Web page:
I studied English Literature and Art History at university and have always equally loved literature and visual art. Bringing the two together in my work has been a major preoccupation for much of the last few years.
My projects are all contextualised in my work through research into the domestic and functional ceramics that were contemporary at the time that the texts were written. My response is realised in the production of ceramics whose shapes and decoration are informed by the vernacular and style of the time.
World events have been so seismic and rapidly changing over the past few years that every now and then I am driven to respond with the work I produce. My instinct is always to find an equivalent or precedent in history.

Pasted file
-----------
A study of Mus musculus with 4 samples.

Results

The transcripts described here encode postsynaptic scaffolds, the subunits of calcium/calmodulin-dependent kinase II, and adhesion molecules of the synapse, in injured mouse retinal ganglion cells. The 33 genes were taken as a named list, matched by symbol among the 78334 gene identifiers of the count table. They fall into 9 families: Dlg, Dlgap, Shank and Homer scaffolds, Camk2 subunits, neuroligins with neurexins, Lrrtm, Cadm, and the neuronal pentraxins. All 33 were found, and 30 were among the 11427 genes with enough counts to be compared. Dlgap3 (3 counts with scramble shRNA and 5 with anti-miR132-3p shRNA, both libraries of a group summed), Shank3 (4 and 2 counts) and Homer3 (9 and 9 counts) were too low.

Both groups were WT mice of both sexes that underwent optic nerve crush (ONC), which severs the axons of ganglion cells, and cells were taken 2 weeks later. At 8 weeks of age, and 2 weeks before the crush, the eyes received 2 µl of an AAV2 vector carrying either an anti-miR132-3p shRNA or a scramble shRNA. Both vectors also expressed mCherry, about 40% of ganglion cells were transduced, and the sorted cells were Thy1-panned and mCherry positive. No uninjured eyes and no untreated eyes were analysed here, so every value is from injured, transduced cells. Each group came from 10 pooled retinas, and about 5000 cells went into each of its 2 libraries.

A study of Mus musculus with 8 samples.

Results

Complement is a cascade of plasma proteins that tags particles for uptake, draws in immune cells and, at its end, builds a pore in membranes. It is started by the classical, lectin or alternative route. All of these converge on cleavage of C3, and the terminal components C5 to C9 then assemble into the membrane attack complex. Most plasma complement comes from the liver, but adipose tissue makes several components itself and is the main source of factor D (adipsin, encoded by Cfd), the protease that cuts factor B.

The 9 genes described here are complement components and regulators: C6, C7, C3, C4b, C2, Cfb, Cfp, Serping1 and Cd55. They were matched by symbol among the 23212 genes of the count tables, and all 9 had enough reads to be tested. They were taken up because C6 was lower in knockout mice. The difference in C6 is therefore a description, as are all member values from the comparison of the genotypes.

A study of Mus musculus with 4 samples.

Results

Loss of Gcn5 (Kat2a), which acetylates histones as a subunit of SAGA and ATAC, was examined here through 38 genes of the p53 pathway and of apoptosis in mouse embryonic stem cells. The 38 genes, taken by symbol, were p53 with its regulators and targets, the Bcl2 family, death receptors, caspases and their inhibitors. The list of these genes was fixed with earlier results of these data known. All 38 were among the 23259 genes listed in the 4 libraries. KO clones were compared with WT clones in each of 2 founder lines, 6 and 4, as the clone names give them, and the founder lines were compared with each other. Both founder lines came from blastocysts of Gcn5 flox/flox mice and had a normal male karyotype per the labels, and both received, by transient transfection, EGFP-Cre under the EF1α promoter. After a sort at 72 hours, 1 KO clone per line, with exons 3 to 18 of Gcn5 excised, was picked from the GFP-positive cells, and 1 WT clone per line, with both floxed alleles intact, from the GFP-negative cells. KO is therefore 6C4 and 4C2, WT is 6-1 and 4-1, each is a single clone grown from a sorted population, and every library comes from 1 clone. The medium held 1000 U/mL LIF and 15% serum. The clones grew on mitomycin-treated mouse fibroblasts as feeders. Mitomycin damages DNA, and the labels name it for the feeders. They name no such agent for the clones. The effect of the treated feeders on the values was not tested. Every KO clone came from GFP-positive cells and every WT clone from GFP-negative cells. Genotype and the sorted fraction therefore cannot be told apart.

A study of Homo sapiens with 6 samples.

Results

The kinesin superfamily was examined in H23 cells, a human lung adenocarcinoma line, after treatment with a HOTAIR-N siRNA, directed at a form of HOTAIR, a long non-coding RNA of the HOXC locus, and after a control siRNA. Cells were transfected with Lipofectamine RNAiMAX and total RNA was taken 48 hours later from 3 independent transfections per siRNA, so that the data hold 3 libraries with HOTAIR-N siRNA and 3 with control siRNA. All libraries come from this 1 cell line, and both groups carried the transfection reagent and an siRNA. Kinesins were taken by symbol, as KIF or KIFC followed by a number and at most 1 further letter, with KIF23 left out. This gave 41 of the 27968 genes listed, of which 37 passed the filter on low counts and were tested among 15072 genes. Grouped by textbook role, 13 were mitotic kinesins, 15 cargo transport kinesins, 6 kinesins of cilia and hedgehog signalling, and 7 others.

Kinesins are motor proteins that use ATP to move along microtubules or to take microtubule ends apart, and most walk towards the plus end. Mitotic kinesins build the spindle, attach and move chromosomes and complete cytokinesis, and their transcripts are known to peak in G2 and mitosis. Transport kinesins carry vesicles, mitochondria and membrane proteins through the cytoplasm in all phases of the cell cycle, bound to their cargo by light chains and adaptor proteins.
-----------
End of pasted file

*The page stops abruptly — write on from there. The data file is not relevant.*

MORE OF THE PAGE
I've heard the word ‘unprecedented’ in news media many times over the past few years – but of course, nothing is unprecedented – it just depends on how far back in history one cares to look. I get a certain amount of comfort in the activity of finding out about similar economic crashes, plagues and natural disasters in history. The knowledge that people have always come through these things, spring is always returns, and life renews itself is a very cheering thought.
Collections are made in response to events, such as a set of large albarello jars and tall Italianate jugs decorated in the Majolica style, which have the UK government’s Covid slogans reproduced in Google-translated Latin. They are also a tongue in cheek reference to Boris Johnson’s florid communication style.